A 73 year old female presents with a history of COPD presents with two weeks of shortness of breath and weakness.
Her vital signs are HR 105, BP 96/63, RR 18, T 36ºC, SpO2 92% on 3L (baseline). Physical exam is notable for abdominal pain and wheezes. The remainder of the exam is unremarkable.
While receiving and infusion of a normal saline bolus the patient becomes more short of breath and requires 5L of oxygen.
The physician then performs a cardiac and pulmonary ultrasound to assess for congestive heart failure and differentiate the patient’s hypoxia.
They obtain the following images of the patient’s left and right anterior chest.
They obtain the following cardiac views:
And they measure the following hemodynamics:
They attempt but are unable to see the patient’s IVC because of the patient’s abdominal pain and barrel shaped chest.
Are the images consistent with congestive heart failure? Would you diurese this patient? (Click the button for the answer!)
Bilateral Pneumonia, Hold Diuretics
This patient has more than three B-Lines in two bilateral lung zones, which according to one study has a positive likelihood ratio of 12.38  for congestive heart failure. This patient, however, appeared to have a normal ejection fraction. On the parasternal long axis view the E-Point Septal Separation is zero, which suggests an EF of more than 50 percent . More importantly, the left ventricle as a whole appears to be adequate, and clinically the physician did not think the patient had congestive heart failure.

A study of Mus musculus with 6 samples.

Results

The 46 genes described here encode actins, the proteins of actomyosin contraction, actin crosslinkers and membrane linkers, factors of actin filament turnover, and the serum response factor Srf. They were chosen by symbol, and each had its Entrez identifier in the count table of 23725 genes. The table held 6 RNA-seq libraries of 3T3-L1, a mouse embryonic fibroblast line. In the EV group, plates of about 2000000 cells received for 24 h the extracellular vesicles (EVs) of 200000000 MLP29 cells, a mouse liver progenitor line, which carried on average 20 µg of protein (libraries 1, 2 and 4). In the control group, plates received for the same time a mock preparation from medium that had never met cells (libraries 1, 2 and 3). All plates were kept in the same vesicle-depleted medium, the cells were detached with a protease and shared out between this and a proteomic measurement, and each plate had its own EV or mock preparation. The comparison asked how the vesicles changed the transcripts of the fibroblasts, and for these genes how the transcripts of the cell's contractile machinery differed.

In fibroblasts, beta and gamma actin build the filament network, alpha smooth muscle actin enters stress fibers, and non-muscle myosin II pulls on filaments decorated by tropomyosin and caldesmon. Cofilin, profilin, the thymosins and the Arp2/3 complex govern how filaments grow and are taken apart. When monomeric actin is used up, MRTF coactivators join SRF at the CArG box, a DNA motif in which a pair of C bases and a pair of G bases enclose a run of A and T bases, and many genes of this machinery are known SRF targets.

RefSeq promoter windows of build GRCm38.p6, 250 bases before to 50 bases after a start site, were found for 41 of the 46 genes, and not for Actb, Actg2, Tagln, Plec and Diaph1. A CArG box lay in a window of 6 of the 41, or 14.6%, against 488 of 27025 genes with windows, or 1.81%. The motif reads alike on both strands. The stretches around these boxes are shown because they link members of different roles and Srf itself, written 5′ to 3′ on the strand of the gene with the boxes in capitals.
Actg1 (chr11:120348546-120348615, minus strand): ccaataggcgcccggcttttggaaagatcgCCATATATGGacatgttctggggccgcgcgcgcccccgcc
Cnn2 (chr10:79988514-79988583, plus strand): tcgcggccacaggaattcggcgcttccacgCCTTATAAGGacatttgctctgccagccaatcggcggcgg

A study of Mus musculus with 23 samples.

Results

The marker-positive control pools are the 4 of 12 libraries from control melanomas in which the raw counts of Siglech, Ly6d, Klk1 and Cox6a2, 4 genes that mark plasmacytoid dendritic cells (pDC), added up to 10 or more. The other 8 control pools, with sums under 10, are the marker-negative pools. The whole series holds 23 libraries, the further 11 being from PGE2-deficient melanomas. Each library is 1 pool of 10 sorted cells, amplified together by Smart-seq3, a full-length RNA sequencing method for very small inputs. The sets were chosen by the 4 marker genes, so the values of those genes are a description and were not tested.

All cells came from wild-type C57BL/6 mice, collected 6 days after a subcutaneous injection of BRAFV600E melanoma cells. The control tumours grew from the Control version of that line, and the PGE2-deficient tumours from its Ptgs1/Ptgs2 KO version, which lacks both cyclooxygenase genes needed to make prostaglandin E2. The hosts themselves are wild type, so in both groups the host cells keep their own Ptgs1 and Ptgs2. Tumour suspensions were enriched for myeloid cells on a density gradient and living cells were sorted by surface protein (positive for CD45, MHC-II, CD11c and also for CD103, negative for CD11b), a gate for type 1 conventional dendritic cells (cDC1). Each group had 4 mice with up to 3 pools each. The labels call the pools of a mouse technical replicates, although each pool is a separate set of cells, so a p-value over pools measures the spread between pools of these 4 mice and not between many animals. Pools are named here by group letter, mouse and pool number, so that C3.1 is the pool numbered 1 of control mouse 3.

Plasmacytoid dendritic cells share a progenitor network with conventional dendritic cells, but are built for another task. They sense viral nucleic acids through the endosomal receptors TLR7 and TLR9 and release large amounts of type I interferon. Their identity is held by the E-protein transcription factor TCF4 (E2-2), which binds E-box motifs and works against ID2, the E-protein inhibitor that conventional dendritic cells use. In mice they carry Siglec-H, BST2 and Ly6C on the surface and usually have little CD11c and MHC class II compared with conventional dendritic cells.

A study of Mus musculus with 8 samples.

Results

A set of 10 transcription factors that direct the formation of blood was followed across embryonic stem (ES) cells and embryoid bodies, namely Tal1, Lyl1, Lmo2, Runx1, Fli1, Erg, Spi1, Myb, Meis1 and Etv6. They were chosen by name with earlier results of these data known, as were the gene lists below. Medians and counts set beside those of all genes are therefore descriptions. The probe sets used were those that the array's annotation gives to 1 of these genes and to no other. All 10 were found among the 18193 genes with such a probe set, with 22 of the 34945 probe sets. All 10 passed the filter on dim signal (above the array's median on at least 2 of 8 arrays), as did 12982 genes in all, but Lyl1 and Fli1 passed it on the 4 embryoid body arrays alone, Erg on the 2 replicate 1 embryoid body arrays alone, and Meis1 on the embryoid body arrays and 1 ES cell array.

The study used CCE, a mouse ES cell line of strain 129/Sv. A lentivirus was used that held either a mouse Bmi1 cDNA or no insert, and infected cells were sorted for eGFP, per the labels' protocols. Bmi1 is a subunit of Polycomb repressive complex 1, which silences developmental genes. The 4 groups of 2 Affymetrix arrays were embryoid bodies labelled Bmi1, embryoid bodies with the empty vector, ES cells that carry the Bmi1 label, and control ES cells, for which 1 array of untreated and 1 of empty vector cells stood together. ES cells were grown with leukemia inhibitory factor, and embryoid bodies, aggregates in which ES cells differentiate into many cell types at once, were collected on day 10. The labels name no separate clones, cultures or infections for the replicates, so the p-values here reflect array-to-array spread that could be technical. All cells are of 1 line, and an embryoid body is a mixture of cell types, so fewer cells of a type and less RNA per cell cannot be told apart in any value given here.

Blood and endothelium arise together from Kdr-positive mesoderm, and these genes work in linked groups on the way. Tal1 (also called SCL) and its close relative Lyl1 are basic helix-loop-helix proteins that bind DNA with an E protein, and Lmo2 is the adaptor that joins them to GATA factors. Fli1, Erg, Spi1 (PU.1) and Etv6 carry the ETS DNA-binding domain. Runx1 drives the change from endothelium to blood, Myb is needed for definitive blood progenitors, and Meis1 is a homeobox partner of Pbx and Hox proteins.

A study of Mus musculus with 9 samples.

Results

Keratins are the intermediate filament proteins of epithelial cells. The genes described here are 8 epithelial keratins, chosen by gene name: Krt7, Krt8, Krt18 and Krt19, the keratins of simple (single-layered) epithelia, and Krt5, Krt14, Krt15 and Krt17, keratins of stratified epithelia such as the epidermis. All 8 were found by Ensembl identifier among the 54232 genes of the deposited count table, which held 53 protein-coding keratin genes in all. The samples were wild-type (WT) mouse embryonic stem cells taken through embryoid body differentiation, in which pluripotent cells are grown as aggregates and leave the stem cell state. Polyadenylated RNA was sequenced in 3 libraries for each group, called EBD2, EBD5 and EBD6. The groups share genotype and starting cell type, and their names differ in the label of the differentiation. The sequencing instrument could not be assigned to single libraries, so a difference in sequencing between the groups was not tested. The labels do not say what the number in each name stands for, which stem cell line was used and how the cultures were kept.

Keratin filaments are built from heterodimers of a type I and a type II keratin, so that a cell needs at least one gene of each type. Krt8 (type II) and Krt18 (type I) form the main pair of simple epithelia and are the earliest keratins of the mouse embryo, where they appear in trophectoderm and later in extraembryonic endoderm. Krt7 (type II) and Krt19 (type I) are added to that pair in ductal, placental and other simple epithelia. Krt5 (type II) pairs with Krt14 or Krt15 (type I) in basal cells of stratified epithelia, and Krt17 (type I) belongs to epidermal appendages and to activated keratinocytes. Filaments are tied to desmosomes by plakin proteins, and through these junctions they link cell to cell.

The physician solved the case by measuring diastolic function and estimating the pulmonary capillary wedge pressure.
By measuring the mitral inflow velocity (E) and tissue doppler velocity of the mitral annulus (e’), they were able to estimate pulmonary capillary wedge pressure with the following formula :
PCWP = E/e’ + 4
PCWP = 34 / 6 + 4 = about 10 mmHg
The hydrostatic pressure required to push capillary fluid into the alveoli and generate B line artifact is about 20-25 mmHg . The PCWP in this patient is nowhere near high enough to generate B-lines.
The patient received a 1L fluid bolus, was started on empiric antibiotics, and a CT scan of the chest showed bilateral infiltrates consistent with pneumonia
- B-lines can be from any fluid in the alveoli
- Focal B-lines are more specific for pneumonia, however bilateral B-lines can be seen in atypical infections such as COVID-19
- Diastology is an essential tool for assessing critical patients in the emergency department. If you can obtain an apical four chamber view, then it’s only a small step to measure diastology. You can do it! Refer to the following video for a tutorial:
Authors: Rebecca Pilkerton MD, David Crockett MD, Jennifer Cotton MD
Peer Reviewer: Jacob Avila MD and Ben Smith, MD, FACEP
- Deeb, Mohammad A., Skye Barbic, Robin Featherstone, Jerrald Dankoff, and David Barbic. 2014. “Point-of-care ultrasonography for the diagnosis of acute cardiogenic pulmonary edema in patients presenting with acute dyspnea: a systematic review and meta-analysis.” Academic Emergency Medicine 21, no. 8 (August): 843-52. 10.1111/acem.12435.
- McKaigney, Conor, Mori Krantz, Cherie Rocque, Nicole Hurst, Matthew Buchanan, and John Kendall. 2014. “E-point septal separation: a bedside tool for emergency physician assessment of left ventricular ejection fraction.” American Journal of Emergency Medicine 32, no. 6 (June): 493-7. 10.1016/j.ajem.2014.01.045.